The Art of the Start

‘There are two mistakes one can make along the road to truth…not going all the way, and not starting.’ ~Buddha

Post written by Leo Babauta.

How do you start something you’ve been putting off?

You know you should be doing the task, but you delay, delay, delay — how do you get started?

It’s one of the most intimidating things. It’s the lack of starting that kills most tasks and projects.

Procrastination is putting off the start. Your new venture gets put off because the start is too hard.

How I Started

When I started Zen Habits, I had no idea how to start. I looked at other blogs and it was intimidating what they’d accomplished: not only thousands of readers but hundreds of articles, a killer blog design, their own domain name, all kinds of services and ebooks and T-shirts and other things going on.

I couldn’t do all that — I had a job (two actually) and a family with six kids. So I skipped it all and did one thing: I chose a simple name for the blog that felt right, and created a free account on

That was incredibly easy, and I felt great.

Next, I did one more thing: I did a short post reflecting on some things I’d been doing. Basically just a journal entry. I was out in the world for the first time!

This was my start. It wasn’t hard — in fact, so easy I couldn’t refuse to start. Eventually I did all the things everyone else did, but that came later. At the start, I did just one thing, and then another.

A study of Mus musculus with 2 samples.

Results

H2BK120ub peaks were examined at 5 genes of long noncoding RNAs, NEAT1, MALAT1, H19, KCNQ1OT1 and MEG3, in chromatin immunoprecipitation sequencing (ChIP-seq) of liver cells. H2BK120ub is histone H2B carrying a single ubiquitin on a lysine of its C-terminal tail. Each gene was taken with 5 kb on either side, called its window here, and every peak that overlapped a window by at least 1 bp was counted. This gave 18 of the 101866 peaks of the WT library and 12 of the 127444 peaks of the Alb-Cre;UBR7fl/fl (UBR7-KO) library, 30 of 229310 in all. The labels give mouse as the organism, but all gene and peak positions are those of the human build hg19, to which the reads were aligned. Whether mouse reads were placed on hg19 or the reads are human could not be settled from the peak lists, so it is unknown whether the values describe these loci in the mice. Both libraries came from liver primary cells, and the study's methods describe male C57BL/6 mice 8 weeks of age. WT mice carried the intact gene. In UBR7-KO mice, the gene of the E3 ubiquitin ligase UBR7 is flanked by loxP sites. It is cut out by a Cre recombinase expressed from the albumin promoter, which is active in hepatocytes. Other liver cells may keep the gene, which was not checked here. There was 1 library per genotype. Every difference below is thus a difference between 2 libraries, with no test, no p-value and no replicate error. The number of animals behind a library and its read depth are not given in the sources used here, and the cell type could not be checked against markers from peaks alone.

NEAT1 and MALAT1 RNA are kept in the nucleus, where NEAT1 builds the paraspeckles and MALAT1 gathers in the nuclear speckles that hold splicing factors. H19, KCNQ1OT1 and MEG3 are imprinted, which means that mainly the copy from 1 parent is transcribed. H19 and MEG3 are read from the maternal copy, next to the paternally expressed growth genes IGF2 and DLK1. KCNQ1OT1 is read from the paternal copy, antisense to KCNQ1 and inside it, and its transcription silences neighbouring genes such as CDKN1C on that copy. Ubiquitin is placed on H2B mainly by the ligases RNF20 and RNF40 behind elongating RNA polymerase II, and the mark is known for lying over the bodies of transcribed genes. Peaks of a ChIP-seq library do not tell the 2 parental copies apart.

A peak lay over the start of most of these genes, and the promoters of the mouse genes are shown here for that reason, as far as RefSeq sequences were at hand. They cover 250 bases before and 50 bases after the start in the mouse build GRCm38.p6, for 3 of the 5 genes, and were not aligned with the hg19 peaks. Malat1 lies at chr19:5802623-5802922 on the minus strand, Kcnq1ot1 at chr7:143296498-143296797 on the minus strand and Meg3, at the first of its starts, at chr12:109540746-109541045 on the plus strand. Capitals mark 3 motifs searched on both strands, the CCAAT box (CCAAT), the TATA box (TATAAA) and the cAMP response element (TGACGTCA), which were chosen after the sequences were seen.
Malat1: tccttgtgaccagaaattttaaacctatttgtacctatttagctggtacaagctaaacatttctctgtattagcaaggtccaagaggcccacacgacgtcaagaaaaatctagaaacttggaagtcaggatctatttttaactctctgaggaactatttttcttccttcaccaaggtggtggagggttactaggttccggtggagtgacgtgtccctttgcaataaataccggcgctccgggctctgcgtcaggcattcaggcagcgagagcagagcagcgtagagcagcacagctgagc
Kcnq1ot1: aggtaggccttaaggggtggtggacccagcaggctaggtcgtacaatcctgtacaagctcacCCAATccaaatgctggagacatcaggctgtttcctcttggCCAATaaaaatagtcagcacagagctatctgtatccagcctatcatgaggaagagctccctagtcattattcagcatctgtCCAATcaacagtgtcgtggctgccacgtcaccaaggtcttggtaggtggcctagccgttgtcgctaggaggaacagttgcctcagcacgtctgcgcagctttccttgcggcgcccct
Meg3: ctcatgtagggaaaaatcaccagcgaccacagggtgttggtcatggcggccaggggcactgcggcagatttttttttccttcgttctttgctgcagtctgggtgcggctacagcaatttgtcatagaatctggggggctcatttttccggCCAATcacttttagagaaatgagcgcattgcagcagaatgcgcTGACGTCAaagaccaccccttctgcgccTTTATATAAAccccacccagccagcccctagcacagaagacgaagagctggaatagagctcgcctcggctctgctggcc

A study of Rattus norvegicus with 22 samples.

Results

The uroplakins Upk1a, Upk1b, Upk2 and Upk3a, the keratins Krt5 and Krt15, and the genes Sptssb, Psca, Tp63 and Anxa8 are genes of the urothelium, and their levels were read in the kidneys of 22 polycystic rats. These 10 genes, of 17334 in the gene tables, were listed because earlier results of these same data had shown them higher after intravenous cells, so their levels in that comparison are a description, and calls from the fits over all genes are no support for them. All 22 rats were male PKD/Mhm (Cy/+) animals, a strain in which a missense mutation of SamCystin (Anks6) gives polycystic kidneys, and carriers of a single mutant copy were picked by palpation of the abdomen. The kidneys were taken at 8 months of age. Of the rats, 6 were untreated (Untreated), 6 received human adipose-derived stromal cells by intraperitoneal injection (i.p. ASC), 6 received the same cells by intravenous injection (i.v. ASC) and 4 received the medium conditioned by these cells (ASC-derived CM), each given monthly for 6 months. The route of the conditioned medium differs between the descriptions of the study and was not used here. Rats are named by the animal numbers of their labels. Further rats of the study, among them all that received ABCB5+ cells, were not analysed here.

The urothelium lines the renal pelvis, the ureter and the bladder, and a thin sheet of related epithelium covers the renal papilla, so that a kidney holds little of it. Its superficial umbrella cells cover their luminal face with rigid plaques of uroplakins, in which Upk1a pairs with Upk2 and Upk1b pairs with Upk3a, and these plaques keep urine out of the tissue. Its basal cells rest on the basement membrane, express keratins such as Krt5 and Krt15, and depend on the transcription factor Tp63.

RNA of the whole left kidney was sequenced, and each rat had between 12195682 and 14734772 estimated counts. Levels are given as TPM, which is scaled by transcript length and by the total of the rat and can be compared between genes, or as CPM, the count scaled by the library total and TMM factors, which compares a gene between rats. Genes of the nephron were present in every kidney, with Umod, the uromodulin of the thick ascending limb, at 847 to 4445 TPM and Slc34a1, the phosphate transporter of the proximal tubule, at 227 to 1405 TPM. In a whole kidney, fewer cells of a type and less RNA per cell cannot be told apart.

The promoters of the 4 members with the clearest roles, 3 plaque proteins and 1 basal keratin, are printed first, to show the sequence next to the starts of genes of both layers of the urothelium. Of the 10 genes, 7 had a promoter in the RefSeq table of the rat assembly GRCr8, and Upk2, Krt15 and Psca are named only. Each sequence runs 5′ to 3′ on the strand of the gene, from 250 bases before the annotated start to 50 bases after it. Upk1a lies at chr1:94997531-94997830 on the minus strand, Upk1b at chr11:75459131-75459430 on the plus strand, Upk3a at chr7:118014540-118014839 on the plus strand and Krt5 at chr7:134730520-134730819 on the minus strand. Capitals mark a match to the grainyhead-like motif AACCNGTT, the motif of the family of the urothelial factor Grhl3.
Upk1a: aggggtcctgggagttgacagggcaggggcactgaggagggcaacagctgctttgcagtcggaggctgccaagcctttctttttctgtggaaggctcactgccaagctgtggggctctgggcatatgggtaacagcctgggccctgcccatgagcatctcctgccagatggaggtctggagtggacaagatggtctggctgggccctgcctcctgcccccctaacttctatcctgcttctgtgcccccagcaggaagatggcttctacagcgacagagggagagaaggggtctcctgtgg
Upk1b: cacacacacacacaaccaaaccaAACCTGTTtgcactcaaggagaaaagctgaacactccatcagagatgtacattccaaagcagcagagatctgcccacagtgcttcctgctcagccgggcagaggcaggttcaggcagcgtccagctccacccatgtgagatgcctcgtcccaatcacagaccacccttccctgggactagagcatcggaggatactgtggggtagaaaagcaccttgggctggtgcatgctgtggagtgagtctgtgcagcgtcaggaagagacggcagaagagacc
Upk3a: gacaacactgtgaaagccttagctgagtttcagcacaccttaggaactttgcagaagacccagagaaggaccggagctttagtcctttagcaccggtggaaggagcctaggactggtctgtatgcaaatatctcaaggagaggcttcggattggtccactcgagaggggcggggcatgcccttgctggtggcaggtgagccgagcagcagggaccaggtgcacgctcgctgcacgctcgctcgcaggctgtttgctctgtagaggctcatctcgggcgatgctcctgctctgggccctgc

Start a Task

How do you start on a task when you’re procrastinating because it’s too hard? You make it super easy.

If you’ve picked a task and it seems too hard to get started, make it even easier: just do one minute. If that’s too hard, just do 20 seconds. That’s so easy you can’t say no.

Whatever the task, if you’re procrastinating, make it easier. The key is to just get started. If you want to go beyond the 20 seconds, keep going. If not, do another 20 seconds after you’ve taken a break and wiped the hard-earned sweat off your brow.

If Even That Doesn’t Work

Sometimes you know you should make the task super easy, so that you can’t say no … and yet because of inertia, you keep browsing the Internet or doing other things than taking on the simple easy task.

If you find yourself still delaying, stop what you’re doing. Get up, walk around, take a deep breath. Then think about what you’re doing, and whether this is the person you want to be.

Instead, rationally decide to start, as simply and easily as possible.

When I started running, I would tell myself, “Just lace up your shoes and get out the door.” That was all I had to do. I didn’t have to run 3 miles, or 1 mile, or even 10 minutes. Just get out the door. When I did get out the door, I found that I wanted to keep going — starting was the hard part, and I made it so easy that it was too hard to say no.

When I want to sit down to write something, I don’t tell myself that I have to write a whole post. I tell myself, “Just write one sentence.” That’s all. Or “Just type out a few ideas.” It’s so easy, I don’t feel dread. I start typing, and then when I’m in the flow of things, I keep going.

You can do this. You can start. You don’t have to do the whole project, or the whole task. You just need to get the ball rolling.